School nurseFigures revealed at last month’s School Nurses Conference, run by the RCN (Royal College of Nursing), link falling numbers of school nurses with an increased risk of child sexual assault.

The number of NHS school nursing posts now sits at just 2,606, a 13% decrease since 2010. At their annual conference, the RCN stressed the importance of the nurse’s role within the school environment and the benefits it brings to students. As well as delivering sex and relationships education (SRE), these professionals are also involved in safeguarding vulnerable children against sexual exploitation and abuse.

The RCN drew attention to a recent investigation that found 5,500 sexual assaults took place in the school environment over a three-year period, with one rape occurring nearly every school day.

Without the help of school nurses, the organisation says that those in school are at risk of a catalogue of problems including sexual exploitation, assault and mental health problems. Children and young people in care are at particular risk.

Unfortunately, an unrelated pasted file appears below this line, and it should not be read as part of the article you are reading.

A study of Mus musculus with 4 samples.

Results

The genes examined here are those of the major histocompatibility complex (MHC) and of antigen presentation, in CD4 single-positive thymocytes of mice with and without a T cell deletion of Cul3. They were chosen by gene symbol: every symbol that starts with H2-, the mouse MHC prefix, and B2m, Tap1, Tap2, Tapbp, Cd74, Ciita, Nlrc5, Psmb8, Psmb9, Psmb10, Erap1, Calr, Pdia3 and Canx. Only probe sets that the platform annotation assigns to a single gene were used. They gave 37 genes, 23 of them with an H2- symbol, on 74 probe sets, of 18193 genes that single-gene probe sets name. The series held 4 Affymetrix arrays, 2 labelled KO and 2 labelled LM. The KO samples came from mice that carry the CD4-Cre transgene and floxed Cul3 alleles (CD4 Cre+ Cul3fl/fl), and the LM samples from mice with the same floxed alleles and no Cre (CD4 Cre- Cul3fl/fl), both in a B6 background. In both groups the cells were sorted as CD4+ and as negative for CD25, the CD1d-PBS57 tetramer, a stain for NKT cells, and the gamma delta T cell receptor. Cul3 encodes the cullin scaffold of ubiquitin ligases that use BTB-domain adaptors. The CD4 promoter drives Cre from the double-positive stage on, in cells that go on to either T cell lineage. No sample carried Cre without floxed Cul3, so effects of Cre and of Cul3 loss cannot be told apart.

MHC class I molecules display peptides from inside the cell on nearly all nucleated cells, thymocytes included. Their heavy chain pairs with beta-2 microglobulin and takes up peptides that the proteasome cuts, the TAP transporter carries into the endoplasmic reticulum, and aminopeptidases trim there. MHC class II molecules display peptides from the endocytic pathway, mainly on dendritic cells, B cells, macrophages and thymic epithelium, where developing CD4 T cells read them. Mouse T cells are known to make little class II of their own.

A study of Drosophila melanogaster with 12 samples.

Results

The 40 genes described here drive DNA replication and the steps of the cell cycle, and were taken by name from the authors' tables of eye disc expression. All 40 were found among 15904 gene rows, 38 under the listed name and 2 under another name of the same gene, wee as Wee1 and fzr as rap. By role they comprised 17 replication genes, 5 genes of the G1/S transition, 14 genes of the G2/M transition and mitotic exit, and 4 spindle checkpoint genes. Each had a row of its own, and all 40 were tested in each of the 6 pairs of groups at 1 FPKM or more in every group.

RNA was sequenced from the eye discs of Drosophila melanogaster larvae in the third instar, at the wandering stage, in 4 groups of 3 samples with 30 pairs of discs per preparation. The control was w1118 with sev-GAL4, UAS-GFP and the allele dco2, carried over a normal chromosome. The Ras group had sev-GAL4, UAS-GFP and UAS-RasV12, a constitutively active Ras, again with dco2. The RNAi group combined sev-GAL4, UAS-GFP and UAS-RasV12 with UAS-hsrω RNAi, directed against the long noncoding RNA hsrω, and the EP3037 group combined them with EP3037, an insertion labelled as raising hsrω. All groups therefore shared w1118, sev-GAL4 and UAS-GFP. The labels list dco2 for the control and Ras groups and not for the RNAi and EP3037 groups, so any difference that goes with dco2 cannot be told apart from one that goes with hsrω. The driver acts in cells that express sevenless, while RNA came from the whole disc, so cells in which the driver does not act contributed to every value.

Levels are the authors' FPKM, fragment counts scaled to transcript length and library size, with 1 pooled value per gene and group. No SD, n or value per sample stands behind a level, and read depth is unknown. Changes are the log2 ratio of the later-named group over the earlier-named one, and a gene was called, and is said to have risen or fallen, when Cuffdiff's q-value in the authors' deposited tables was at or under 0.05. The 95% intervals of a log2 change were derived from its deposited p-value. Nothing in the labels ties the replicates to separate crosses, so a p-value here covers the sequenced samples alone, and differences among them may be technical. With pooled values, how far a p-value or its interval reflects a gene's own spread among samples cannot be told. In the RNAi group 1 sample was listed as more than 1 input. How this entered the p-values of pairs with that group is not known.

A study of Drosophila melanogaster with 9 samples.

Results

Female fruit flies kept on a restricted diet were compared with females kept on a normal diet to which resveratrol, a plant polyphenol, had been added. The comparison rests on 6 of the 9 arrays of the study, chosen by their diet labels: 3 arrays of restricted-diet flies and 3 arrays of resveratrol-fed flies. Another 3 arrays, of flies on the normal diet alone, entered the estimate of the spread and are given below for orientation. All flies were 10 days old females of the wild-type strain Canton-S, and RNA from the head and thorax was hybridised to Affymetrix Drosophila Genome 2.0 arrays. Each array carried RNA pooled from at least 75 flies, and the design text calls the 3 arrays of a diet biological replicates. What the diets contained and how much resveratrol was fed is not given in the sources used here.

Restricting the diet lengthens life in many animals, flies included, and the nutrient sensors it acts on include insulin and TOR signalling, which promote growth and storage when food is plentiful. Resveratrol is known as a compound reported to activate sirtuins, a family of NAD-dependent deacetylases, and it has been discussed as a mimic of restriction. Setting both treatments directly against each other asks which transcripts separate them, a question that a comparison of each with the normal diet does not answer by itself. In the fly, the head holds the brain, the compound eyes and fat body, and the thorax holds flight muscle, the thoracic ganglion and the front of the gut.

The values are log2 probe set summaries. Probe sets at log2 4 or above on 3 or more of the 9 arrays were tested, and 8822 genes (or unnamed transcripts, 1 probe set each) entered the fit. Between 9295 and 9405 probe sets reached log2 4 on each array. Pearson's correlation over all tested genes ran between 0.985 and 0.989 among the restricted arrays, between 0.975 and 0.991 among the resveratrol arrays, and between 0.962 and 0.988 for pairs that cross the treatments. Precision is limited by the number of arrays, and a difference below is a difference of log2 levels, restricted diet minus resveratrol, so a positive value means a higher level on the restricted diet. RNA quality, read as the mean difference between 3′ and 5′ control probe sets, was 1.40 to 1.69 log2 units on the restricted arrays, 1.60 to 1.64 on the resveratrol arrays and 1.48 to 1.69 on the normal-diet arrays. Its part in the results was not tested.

Also quoted was a union survey that suggested around half of all students learnt about sex through watching porn, while two thirds of those taking SRE lessons received no information about consent. A lack of proper education also puts students at risk of sexually transmitted infections.

The RCN are calling on the Government to secure school nursing roles in light of these findings, affirming their belief that proper SRE is imperative for the protection of children and young people in the UK.

Fiona Smith, RCN professional lead for children and young people’s nursing, said: “School nurses are there for all children and young people, providing support, encouraging healthy lifestyles and protecting those who are most vulnerable.

“They have the training and expertise to really drive forward effective SRE in schools. However, with numbers dropping all the time, school nurses simply don’t have the capacity to follow this through. The government should be prioritising this expertise – not cutting the roles when we need them most.”

She added: “The RCN supports the call for compulsory SRE in all schools, but we need the workforce that can deliver this crucial aim and make sure all children and young people are safe and healthy.”